City of Cape Town sues Gatvol, EFF for damage to public infrastructure
Cape Town - The City of Cape Town is suing the organisation Gatvol Capetonian and the EFF for R1.4 million for the damage caused to public infrastructure during violent protests.
Mayor Dan Plato said a summons was issued to Gatvol Capetonian on March 29 for more than R1.3 million in damages related to a “shutdown” of major routes in Cape Town in August 2019.
Plato said the City’s civil claim stated that it was “reckless, wrongful and unlawful” of that organisation to incite a “shutdown” while violating their Gatherings Act obligations to give notice, appoint conveners and marshals and refrain from violence.
According to the City, particulars of the infrastructure allegedly destroyed by Gatvol Capetonian in various communities included Grassy Park (R311 760.87), Atlantis (R336 946.75), Mitchells Plain (R50 000), Kensington (R50 000), Ocean View (Kommetjie) (R361 953.31), Ocean View (Milky Way Road) (R170 000), Delft (R11 909.48), CBD (R10 000), Bo-Kaap (R1867.64), with all that amounting to R1 304 438.05.
Gatvol Capetonian spokesperson Fadiel Adams said the City needed to prove that Gatvol had damaged its infrastructure.
Adams said they had just called for peaceful protests and were prepared to go to the court to defend that. "We are prepared to expose the reasons why we went to the streets."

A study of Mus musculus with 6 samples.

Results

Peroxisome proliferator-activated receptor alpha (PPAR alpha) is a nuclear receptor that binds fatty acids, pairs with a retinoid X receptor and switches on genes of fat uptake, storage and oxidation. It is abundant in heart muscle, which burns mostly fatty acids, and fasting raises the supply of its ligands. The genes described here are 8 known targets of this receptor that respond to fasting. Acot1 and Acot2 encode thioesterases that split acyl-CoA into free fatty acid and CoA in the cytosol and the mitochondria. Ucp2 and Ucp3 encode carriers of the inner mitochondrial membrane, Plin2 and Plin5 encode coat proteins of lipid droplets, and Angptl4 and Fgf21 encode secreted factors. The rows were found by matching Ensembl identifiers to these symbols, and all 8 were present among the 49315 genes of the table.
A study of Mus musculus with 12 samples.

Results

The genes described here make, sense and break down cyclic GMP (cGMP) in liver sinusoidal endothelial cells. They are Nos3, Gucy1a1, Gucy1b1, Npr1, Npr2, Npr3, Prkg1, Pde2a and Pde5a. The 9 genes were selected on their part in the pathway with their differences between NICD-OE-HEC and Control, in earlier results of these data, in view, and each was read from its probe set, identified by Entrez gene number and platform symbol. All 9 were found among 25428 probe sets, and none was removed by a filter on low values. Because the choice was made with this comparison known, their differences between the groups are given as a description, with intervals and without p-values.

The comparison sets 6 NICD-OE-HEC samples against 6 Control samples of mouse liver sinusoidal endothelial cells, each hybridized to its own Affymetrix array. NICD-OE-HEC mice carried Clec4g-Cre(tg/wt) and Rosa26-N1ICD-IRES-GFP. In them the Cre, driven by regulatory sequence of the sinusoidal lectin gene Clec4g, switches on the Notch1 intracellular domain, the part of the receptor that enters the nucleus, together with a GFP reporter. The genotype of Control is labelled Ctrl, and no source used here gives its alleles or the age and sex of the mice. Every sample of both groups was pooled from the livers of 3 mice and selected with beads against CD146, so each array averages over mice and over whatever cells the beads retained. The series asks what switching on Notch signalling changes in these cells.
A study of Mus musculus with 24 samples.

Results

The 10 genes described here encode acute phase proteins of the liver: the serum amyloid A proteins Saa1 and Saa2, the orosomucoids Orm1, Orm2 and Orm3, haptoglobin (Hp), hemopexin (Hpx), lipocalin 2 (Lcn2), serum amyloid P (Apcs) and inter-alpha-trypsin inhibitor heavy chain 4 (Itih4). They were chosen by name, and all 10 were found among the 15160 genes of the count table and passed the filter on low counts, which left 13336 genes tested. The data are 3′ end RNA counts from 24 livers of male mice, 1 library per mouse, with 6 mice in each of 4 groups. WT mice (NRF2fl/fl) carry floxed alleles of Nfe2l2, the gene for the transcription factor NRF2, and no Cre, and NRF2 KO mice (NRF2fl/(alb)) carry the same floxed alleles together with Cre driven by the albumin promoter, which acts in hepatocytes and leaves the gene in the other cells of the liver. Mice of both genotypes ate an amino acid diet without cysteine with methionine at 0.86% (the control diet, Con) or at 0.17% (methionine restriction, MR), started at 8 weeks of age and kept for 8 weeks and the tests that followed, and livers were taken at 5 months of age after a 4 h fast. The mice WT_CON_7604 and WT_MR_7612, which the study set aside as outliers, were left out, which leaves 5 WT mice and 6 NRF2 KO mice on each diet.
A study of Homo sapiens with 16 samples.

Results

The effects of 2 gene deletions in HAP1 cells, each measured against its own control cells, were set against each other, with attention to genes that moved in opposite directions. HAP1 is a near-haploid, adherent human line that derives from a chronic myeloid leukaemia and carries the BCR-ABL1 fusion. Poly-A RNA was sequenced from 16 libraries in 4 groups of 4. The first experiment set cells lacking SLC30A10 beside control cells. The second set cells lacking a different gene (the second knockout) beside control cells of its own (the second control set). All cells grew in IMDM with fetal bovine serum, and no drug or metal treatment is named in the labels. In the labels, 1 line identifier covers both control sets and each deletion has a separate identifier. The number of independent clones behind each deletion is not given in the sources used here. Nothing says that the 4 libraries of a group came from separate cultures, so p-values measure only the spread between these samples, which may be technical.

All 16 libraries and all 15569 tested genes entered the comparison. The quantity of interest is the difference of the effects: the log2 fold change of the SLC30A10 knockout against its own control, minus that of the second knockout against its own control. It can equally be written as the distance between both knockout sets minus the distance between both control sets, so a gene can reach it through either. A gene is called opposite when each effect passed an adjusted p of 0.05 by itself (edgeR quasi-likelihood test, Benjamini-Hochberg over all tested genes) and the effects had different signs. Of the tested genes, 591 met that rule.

Plato said it was disappointing when political organisations caused harm to infrastructure and damaged critical assets that were installed to uplift communities.
"The City is committed to providing resources to all communities but this becomes difficult when there are individuals working against social cohesion as seen through their acts of destruction, as with the EFF and Gatvol Capetonian."
He said the City’s legal representatives had further issued a letter of demand to the EFF for damage to infrastructure in Brackenfell in November 20, 2020, in violation of agreed gathering conditions with the police and Western Cape High Court.
Plato said EFF members damaged traffic lights at several intersections, set fire to a vacant field and damaged public vehicles, including a fire engine.
He said an amount of R87 312,25 was being sought from the EFF to cover the costs of infrastructure repair and fire-fighting equipment.
Plato said the EFF had 21 days to make payment into the City’s bank account or face a summons, which would also include a claim for legal costs to recover the funds, plus interest.
EFF provincial spokesperson Wandile Kasibe said they would respond as soon as their legal team had processed the information.